Seven years ago, the three-time NBA defensive player of the year was at the height of his powers when a blockbuster four-team trade landed him on the Lakers. His arrival earned the ticker-tape treatment: a national magazine cover; endless Photoshops alongside Wilt Chamberlain, Kareem Abdul-Jabbar and the franchise’s other great big men; and even talk of Kobe Bryant eventually passing him the superstar baton. Howard, then 26, was goofy, moody and unpredictable but still a plausible savior. The Lakers, yet to fall on hard times, assumed he would thrive like so many others had before.



Their first go-round was a toxic relationship that ended with a bitter breakup: Howard never meshed with Bryant, tried to play through pain, got ejected from Game 4 of a first-round sweep, bailed for the Houston Rockets after one disappointing season and then was subjected to humiliating trash talk from Bryant and years of vitriol from L.A.’s fan base.

Howard's willingness to walk back into such a storm reflects his diminished earning power and lack of alternatives. During a nomadic journey that took him from the Rockets to the Atlanta Hawks to the Charlotte Hornets to the Washington Wizards, Howard’s usefulness and athleticism eroded. His offensive game was made mostly obsolete by the small-ball revolution, he could no longer carry an elite defense as his physical tools slipped, and he was unable to adapt mentally to a complementary role. Reports of poor relationships with his teammates and salacious off-court rumors have only made matters more complicated.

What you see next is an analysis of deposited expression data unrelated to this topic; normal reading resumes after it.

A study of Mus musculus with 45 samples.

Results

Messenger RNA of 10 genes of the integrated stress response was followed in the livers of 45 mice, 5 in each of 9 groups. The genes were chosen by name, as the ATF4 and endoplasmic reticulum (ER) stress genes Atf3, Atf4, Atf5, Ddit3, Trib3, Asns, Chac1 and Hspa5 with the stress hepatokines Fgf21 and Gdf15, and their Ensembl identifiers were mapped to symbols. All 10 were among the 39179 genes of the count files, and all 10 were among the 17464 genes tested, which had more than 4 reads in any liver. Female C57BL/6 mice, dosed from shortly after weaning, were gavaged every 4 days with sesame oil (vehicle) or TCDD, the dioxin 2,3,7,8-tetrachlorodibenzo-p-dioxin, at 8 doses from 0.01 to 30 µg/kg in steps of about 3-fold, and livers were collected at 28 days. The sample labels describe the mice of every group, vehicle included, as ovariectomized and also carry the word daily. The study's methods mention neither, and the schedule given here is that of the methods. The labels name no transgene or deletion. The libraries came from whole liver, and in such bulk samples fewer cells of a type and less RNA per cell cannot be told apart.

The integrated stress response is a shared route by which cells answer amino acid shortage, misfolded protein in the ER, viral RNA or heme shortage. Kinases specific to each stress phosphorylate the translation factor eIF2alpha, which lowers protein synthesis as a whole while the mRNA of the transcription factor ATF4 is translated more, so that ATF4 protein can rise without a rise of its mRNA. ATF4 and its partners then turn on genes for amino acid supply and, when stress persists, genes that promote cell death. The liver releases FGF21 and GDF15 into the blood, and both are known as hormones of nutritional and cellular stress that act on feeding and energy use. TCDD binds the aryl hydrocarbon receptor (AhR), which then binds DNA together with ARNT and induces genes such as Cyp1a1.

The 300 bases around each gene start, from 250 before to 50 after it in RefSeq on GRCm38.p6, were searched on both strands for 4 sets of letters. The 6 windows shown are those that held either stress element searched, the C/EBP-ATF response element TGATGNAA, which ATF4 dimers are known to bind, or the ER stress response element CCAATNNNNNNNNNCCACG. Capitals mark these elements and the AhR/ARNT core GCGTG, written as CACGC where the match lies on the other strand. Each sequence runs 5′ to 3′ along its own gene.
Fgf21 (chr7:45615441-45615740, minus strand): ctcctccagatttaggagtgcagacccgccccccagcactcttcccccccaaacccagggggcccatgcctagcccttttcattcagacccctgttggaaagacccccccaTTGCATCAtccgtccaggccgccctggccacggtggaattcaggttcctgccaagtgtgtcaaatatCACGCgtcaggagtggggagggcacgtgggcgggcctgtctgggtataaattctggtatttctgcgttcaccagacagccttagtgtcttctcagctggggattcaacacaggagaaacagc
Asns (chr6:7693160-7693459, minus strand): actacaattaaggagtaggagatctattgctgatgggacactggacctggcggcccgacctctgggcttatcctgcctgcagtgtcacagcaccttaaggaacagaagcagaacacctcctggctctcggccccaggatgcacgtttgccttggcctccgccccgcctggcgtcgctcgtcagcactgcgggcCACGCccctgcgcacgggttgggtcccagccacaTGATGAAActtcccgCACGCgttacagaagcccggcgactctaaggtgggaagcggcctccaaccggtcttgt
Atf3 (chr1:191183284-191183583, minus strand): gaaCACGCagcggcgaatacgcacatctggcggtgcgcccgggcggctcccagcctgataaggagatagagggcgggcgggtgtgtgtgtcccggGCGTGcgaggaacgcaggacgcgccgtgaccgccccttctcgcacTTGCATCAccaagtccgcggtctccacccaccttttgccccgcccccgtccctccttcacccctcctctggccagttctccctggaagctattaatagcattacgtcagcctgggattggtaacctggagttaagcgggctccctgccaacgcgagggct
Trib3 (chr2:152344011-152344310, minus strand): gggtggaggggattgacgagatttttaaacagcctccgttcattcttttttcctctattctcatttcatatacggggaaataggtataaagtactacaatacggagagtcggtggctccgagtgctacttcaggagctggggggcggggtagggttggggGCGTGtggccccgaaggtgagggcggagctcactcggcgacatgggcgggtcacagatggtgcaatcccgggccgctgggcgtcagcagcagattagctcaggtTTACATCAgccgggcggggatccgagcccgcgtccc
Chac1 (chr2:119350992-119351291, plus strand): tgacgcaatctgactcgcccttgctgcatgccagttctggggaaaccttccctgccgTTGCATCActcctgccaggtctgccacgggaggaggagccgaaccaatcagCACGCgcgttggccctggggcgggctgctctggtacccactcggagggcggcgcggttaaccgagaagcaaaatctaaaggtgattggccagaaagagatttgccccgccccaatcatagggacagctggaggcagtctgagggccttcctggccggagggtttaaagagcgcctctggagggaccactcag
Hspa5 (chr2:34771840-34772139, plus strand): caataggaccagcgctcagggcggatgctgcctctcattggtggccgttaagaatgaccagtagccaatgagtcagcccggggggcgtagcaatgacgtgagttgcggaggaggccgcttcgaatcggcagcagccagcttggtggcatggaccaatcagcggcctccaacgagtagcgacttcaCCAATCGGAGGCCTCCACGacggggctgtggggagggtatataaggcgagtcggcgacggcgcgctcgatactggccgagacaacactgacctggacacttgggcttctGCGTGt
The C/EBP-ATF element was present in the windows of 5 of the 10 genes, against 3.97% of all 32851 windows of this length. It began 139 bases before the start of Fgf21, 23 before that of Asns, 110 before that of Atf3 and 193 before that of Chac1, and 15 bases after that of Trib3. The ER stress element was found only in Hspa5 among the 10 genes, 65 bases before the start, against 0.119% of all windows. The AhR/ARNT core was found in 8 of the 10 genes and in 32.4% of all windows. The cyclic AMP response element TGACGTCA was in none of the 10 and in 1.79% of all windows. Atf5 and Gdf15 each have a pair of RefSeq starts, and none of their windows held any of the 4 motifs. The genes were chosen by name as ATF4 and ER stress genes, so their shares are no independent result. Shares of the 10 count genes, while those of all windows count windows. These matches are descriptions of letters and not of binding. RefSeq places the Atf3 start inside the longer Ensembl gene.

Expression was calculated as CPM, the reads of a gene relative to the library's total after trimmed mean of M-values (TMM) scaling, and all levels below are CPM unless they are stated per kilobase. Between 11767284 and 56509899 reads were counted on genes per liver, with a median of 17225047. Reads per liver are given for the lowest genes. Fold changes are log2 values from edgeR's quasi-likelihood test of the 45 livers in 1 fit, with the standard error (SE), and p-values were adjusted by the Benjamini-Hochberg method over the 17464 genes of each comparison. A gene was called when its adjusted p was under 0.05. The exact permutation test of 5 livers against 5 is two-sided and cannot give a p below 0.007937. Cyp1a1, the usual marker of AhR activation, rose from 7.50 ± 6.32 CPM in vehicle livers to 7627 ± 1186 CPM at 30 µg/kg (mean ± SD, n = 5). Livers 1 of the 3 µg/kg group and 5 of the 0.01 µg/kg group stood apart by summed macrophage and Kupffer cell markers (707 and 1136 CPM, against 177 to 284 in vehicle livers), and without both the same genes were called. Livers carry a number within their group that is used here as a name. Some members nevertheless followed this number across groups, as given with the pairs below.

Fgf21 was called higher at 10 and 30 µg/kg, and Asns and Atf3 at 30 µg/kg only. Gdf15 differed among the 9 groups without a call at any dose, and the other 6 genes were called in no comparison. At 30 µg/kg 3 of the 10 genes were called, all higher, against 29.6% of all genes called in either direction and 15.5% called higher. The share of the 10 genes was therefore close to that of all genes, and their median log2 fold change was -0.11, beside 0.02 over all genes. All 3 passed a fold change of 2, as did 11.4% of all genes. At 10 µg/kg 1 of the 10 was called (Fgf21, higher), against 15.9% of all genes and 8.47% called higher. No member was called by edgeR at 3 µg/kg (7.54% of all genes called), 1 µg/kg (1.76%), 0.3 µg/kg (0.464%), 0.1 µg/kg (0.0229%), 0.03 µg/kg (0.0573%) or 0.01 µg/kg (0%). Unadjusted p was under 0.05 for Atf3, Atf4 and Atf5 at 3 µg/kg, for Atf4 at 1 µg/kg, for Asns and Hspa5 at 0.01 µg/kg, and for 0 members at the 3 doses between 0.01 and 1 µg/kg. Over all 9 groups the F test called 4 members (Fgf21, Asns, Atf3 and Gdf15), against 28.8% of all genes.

The Lakers became the sole exception once DeMarcus Cousins, a gamble himself with his injury issues and mercurial personality, was lost to a season-ending ACL tear. Suddenly, a franchise that went all-in to land Anthony Davis and Kawhi Leonard had just one true center — JaVale McGee — and no meaningful salary cap flexibility to address its gaping hole. Those dire straits required quick action, in part because General Manager Rob Pelinka had committed in July to protecting Davis from the wear and tear associated with big minutes at center. Asking Davis, the premier 2020 free agent, to shoulder the burden of Cousins’s injury was a total nonstarter for obvious reasons.

Even so, L.A. should have trusted its cautious instincts rather than succumbing to the faint hope that Howard will show up at training camp as a changed man and an effective backup center. Howard takes up space in the paint on offense, he isn’t a skilled passer or shooter, he isn’t a particularly versatile defender, he isn’t a reliable worker, and he is accustomed to garnering lots of attention. The Lakers took chances on dicey, past-their-prime veterans last season — including Rajon Rondo, Lance Stephenson and Michael Beasley — and ended up with precious little to show for it. Signing Howard feels like a repeat of those mistakes, as well as a misguided sequel to his own previous tenure.


This new marriage therefore emerges as a double-sided self-delusion. On one side, Howard hopes to postpone his forced retirement and reclaim some lost dignity by evolving in ways that have always eluded him. On the other, the Lakers are yet again hoping that name recognition will somehow translate to success, past results be damned.